Santosh: "Still the best in India" after Desert Storm domination
CS Santosh insists his commanding win in Desert Storm proves that he’s still the best cross-country rider in the country.
After his heroics in 2015 Dakar, when he became the first Indian to finish the 9,000 km grueling rally, the Indian had a premature end to his 2016 journey, with a technical issue.
While most will consider it as a minor blip in an otherwise sumptuous career, Santosh reiterated his position with a dominating win in the 2016 Desert Storm, against his former employers, TVS.
“I knew I had tough competition and I needed to make a point and show everybody that I’m still the best in the country,’’ Santosh told Motorsport.com in an exclusive interview.
“I hadn’t competed with TVS since I left them in 2011. I’ve always been with the team and this is the first time I’ve competed against them.
"So, it’s always good to show your former employers what you are capable of,’’ he added.
Desert Storm ‘definitely tougher this year’
The Bangalore-based rider felt the Indian cross-country rally, proved to be sterner challenge to participants this year, with the organisers having shifted the event to April.
Having been traditionally held in February, the decision to move it two months later meant, the participants had to bear intense temperatures of over 45C, in the Thar Desert.
"You could definitely feel the heat,’’ said Santosh. "Usually in the morning in the previous editions, the start used to be really cold.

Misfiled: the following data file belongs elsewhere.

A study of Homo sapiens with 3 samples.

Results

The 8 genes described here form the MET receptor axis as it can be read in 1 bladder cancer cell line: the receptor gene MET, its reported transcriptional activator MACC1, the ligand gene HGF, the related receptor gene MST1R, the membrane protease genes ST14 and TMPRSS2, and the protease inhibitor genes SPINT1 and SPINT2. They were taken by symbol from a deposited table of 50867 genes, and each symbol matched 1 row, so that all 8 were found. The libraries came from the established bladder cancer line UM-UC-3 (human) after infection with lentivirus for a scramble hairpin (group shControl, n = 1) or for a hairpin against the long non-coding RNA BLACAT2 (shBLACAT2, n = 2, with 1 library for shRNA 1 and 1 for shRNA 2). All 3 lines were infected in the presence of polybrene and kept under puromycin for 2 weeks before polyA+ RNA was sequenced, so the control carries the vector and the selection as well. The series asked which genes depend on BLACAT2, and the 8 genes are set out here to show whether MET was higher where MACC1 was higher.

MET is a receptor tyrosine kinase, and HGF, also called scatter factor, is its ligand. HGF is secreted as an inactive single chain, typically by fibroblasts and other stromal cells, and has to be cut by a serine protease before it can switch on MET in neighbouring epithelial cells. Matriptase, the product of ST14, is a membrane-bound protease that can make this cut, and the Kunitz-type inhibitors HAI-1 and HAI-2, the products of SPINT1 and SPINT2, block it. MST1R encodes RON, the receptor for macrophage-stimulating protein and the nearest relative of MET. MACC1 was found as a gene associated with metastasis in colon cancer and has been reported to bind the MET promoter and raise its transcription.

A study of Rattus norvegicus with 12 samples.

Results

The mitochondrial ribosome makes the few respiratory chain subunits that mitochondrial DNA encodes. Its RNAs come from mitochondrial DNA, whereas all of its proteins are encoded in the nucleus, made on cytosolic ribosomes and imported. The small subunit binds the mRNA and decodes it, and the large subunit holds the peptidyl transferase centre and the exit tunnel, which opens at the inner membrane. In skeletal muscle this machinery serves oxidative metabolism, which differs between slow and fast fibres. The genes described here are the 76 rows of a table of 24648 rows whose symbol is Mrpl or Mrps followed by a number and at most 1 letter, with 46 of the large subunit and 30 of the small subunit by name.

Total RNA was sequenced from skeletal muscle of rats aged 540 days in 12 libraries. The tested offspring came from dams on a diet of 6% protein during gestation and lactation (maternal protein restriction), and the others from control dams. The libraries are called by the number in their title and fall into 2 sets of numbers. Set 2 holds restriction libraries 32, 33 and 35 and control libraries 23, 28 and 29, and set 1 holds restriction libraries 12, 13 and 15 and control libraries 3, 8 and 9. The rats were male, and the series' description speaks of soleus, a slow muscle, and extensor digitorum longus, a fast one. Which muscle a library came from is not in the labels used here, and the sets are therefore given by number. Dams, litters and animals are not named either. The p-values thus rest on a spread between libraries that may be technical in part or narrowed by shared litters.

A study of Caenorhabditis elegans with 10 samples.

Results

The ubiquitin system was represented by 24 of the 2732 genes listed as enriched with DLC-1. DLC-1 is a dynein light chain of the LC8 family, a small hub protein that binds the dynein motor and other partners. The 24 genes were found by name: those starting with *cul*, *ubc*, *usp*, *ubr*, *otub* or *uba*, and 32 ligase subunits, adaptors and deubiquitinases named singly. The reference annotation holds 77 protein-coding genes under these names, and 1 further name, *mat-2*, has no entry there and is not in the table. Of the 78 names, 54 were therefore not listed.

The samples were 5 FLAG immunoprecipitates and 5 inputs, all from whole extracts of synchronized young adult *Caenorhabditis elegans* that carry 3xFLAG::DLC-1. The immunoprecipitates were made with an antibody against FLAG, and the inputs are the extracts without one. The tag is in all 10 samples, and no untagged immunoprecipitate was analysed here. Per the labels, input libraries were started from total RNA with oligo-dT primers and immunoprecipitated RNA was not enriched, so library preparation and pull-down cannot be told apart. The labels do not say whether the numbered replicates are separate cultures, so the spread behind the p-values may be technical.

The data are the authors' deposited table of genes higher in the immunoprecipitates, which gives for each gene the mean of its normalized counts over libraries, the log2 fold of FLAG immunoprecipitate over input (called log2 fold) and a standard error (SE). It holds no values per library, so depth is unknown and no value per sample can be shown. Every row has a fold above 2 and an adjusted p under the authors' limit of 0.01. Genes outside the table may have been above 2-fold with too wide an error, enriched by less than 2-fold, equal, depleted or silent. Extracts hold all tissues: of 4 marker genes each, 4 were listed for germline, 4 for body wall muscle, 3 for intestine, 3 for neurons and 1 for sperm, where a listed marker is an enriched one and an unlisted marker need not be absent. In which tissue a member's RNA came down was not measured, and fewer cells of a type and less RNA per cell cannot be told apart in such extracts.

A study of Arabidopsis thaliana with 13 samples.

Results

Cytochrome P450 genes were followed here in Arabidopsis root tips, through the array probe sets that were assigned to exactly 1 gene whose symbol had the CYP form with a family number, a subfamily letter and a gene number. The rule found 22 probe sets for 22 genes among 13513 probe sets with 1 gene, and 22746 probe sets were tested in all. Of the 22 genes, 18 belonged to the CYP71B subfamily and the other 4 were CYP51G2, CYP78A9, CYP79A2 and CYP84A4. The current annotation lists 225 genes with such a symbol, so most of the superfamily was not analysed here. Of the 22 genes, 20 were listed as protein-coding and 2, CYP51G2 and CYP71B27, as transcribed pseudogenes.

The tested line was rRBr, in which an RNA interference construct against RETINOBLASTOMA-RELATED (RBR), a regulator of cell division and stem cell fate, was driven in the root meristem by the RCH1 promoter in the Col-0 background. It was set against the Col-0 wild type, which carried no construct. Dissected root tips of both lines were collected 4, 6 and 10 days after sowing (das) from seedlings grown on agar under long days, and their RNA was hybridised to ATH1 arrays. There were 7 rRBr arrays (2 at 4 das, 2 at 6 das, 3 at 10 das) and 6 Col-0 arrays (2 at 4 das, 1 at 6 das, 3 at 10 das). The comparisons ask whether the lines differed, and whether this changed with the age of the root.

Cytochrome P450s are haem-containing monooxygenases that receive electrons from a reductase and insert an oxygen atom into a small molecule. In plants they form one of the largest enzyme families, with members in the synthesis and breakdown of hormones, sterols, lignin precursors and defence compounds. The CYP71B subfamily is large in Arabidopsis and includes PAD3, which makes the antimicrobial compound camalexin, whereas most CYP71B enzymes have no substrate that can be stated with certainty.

"This time around it was hot throughout the rally. Most of our stages, we started around 11 AM or 12 PM. In that respect, it was definitely tougher this year.”
“Also, they had new stages this year which were quite challenging because most of the stages were really fast and tough.
“On a motorcycle it was really enjoyable for me and technical and I could really shine,’’ he added.
Error in passage control
The only anomaly in an otherwise flawless run for Santosh was missing the passage control during a night stage - something that cost him an hour’s time in penalty, but failed to prevent him from clinching his third successive Desert Storm crown.
“I’ve done that stage in the morning, so I knew there was a passage control,’’ he explained. “But at night, everything looks different in the desert. You can only see as far as your headlight.”
“It just so happened that I came to the passage control, I didn’t realise I had to stop because the flags were not visible for me.
“It’s just that where the flags were placed and where the marshals were standing. I was on one extreme end of the track and they were on the other extreme end of the track.”
No repeat of Dakar issues
While Santosh’s sophomore outing in Dakar was marred with bike-related gremlins, the Indian encountered no such issues when he took the Dakar-spec Suzuki RMX 450Z to Desert Storm.
Santosh also revealed that several bike upgrades are in the pipeline in the run up to 2017 Dakar.
“This was the same Dakar-spec Suzuki bike. The difference is that we did testing on the motorcycle and we had enough time.
"So, we had no fault throughout the Desert Storm. The bike was a lot faster than the Dakar bike.”
“And of course, [Suzuki Spain’s Dakar head] Jordi Grau was here from Spain. So, Jordi brought the bike here in Delhi and he was part of the service crew.”
Following his success in Desert Storm, Santosh will head to Morocco for his debut run in the Merzouga Rally, part of the Dakar series.
He will also be seen in the Wings for Life charity event next month.